Mediterranean Diet - Summary & Chart

Changing from a Western to a Mediterranean diet can greatly reduce the chance of developing heart disease, cancer and other diseases. This summary leaflet includes a checklist of ingredients to eat, on a day-to-day basis, if wishing to make the change.

The Mediterranean Diet (MD)

A quick summary:

Mediterranean Diet - Overall
ExamplesThe Mediterranean Diet is based on a traditional mix of foodstuffs eaten by peoples of the Eastern Mediterranean - particularly Crete and southern Italy.
AlsoThe diet has been tested in Western industrialised countries such as the UK and USA.
AnalysisHigh in fruit, vegetables, legumes and cereals. Fish and white meat mainly eaten in place of red meat. Mono-unsaturated oils used in place of saturated animal fats. Moderate red wine intake with meals.
BenefitsExceptional reductions in risk of early death, heart disease, cancer and chronic conditions such as hypertension, high cholesterol and type 2 diabetes. Also, reductions in Parkinson's disease and Alzheimer's disease risk. Adoption of the diet has proved a successful strategy for healthy weight reduction.
Risk in ExcessThe Mediterranean Diet maximises the intake of health-promoting ingredients, whilst minimising quantities of ingredients associated with health risks. Those adopting the Mediterranean Diet are likely to have a lower risk of disease than those who don't.

For further details of research, diet ingredients and health benefits, see separate leaflets called 'How to follow the Mediterranean Diet' and 'Health Benefits of the Mediterranean Diet'.

Adopting the Mediterranean Diet - general principles

Changes to make when converting from a Western to a Mediterranean diet:

  • Maximise your intake of vegetables, legumes, fruits and whole grain cereals.
  • Limit your red meat intake - fish and poultry are healthy substitutes.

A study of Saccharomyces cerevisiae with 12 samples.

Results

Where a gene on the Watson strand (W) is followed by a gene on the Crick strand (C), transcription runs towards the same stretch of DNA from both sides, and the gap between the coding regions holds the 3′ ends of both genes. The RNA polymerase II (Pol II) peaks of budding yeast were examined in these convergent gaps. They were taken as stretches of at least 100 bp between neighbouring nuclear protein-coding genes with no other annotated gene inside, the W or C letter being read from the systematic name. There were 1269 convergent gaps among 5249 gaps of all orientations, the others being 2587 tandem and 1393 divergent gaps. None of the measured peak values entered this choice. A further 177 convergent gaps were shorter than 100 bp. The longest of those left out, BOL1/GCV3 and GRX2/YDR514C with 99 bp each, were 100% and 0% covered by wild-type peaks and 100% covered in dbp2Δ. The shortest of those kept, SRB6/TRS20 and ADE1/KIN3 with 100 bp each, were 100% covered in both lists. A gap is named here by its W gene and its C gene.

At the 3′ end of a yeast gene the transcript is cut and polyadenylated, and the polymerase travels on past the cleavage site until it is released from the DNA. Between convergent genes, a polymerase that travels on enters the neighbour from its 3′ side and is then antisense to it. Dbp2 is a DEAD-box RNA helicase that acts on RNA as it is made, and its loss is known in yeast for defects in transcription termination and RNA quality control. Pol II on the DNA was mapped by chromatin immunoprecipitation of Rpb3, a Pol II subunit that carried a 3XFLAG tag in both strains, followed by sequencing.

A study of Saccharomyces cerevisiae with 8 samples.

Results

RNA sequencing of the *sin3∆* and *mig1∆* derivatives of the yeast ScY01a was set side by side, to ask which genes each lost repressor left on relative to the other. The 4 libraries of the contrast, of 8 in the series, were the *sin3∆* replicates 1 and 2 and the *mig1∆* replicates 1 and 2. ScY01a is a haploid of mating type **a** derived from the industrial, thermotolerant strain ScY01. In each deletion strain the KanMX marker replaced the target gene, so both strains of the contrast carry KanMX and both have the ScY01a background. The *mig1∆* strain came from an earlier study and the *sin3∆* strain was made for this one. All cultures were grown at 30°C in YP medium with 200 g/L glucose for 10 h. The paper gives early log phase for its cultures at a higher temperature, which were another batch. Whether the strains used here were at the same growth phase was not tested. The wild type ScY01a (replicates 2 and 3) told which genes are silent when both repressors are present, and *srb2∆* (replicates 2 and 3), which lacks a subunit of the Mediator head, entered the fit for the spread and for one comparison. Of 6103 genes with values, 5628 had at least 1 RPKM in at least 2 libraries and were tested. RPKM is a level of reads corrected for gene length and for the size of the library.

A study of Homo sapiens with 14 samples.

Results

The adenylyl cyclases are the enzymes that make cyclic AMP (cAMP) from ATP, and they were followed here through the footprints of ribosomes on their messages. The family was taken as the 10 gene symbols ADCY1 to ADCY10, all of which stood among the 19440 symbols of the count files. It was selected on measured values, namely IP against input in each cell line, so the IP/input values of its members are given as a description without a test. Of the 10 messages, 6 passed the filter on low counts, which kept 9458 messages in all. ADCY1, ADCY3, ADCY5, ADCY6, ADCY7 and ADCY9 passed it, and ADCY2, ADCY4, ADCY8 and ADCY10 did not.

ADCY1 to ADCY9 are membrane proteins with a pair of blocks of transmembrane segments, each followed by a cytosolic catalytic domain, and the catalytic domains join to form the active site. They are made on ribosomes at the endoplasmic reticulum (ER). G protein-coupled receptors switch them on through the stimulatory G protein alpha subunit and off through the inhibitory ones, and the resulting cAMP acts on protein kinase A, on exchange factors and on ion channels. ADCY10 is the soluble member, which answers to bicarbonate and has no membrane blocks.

• Where possible, use mono-unsaturated olive oil or rapeseed oil in place of animal fat such as butter or lard.
  • Limit your intake of highly processed 'fast foods' and 'ready meals', where you cannot tell saturated fat and salt intake.
  • Eat no more than moderate amounts of dairy products, and preferably low-fat ones.
  • Do not add salt to your food at the table - there is already plenty there.
  • Snack on fruit, dried fruit and unsalted nuts rather than cakes, crisps and biscuits.
  • Drink (red) wine during meals, but no more than three small glasses per day if you are a man and no more than two small glasses per day if you are a woman.
  • Water is the best 'non-alcoholic beverage' (as opposed to sugary drinks), although health benefits have also been claimed for various teas and coffee.

The conversion can be made gradually, but it's a good idea to set yourself targets.

Food quantities to aim for

Scientific research has shown the closer individuals can follow an 'ideal' Mediterranean diet, the greater the health advantage.

If you'd like to try the full Mediterranean Diet at home, we've created the following handy tick-chart of foods to be consumed on a weekly basis, when following a scientifically tested 'ideal' Mediterranean diet (as used by the author).

The following is a guide to the portions referred to in the tick-chart:

  • Vegetables: a cup of raw leafy vegetables or half a cup of other vegetables.
  • Potatoes: 100 g.
  • Legumes: one cup (100 g) of cooked dry beans.
  • Nuts: 30 g. Eat as a snack or sprinkle on food for added taste.
  • Fruit: one apple, banana, one orange, 200 g of melon or watermelon, 30 g of grapes.
  • Meat: 60 g of cooked lean meat or fish.
  • Grains: half a cup (50-60 g) of cooked pasta or rice; one slice of bread (25 g).
  • Dairy: one cup of milk or yoghurt; 30 g of cheese.
  • Eggs: 1 egg.
  • Wine: 125 ml glass of average strength red wine.

It is the author's experience, that using the tick-chart for several weeks helps educate the eyes and palate in what to buy and cook, as well as what to avoid on restaurant menus and TV cookery programmes. So, over time, the healthy Mediterranean Diet can become a natural part of your way of life and, indeed, part of you. It's probably the closest science can currently get to a 'user guide' for fuelling the human machine.